For the first time, I’ll be teaching two different subjects (biology and environmental science). Do you have any suggestions for how to organize my unit plans, lesson plans, and other resources?
—Don, Cedar Rapids, Iowa
I’m not an organized person by nature. So when I taught four different courses in two different labs, I had to force myself to create a system to coordinate four sets of resources and documents and archive them from one year to the next. It was a struggle, but eventually I was able to use my time to revisit and revise lessons rather than recreating them.
My colleagues used to call me the binder queen of unit plans (I’ve since progressed to electronic files). My school had a written curriculum for each course. Rather than storing the curriculum tome in the file cabinet, I took it apart and put each unit plan in a separate binder. I also inserted my lesson plans for that unit as well as copies of the assessments, handouts, and other notes.
For lesson plans, the best thing I ever did was to get rid of the spiral “Plan Book” with its 2×3 inch block for each class period. There wasn’t enough room to record the plan for an entire lesson, other than a cryptic “pp. 52-56 #1-5″ or “Algae Lab” which was not much help the following year.
Does your school have an official lesson plan format? If you’re using a framework such as Understanding by Design or 5E, there may be sample lesson plans posted on the project’s website. If you don’t have a suggested template (and there are schools that don’t require teachers to have written plans) here are some features I would include (keeping in mind that a lesson may span several class periods):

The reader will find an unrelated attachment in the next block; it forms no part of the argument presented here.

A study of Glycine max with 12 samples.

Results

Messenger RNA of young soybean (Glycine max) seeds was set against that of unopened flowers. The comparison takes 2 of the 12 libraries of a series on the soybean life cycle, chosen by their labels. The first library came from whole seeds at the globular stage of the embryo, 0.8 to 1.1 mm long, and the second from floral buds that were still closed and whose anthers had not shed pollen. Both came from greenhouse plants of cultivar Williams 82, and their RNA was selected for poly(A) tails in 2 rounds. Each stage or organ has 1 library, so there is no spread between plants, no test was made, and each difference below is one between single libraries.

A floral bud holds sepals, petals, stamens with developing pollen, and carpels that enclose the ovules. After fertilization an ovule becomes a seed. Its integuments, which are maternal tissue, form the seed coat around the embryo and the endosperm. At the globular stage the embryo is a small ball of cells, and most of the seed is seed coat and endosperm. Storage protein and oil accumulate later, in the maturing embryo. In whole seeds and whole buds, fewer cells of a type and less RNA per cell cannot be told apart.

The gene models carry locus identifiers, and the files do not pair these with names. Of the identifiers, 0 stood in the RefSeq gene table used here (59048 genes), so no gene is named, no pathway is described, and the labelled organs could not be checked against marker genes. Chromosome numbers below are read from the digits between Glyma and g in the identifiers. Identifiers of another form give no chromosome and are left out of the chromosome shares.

- Lesson title and dates
- The unit goals (or themes, essential questions, big ideas) supported by the lesson
- Lesson objectives
- Materials needed (web resources, supplemental texts, technology, PowerPoints, handouts, assessments, lab materials, notebooks, office supplies)
- Introduction to activate prior knowledge (e.g., an advance organizer; warm-up activity; recap of previous lesson; Know, Want To Know, Learned, or KWL, chart; an interesting anecdote or story)
- Description of the lesson content (concepts, discussions, lab investigations, cooperative learning activities, informal assessments, vocabulary, opportunities for practice or application)
- Lesson assessment (quiz, group presentation, lab report, notebook entry)
- Homework related to the lesson objectives
- Closure or bell-ringer
- Adaptations for students with special needs or extensions for students beyond the basic objectives
Annotate the lesson and unit plan, either on the document or with a sticky note. Reflect on what went well as well as what did not work (and what you did to fix it). Describe in detail any modifications to activities or assessments. Correct any typos or other errors right away.
A colleague suggests color coding course materials and finding a clip art logo for each course (e.g., a microscope for biology, a tree for ecology). Put this in the upper right hand corner of any printed page and use it as you sort through the papers on your desk.
Ask your technology coordinator if your school already has any online organizational tools and take advantage of the organizational features on your computer. You can color code the folders and files on your computer or change the folder icon to your course logo. Have a folder for each course and a subfolder for each unit. With an electronic system you can archive PowerPoints, photos, podcasts, and video clips as well as hard copies of lessons, handouts, and assessments.
In addition to backups on the school’s server, invest in a flash drive, and backup to both regularly. Flash drives are especially helpful if you use different computers at home and in school. As an alternative, you could store your files in a file sharing site, such as Google Docs, which would enable you to access and edit the files from any computer. Files stored there also maintain a version history, so you can go back to earlier versions of lessons as needed.
In addition to electronic files, I still like the concept of binders, where I can flip through an entire unit or workshop without opening lots of files. Once a binder queen, always a binder queen!
Creating a system is time-consuming at first, and you’ll modify it as you discover what works best for you. This investment will pay off the next time you teach the courses. Good luck!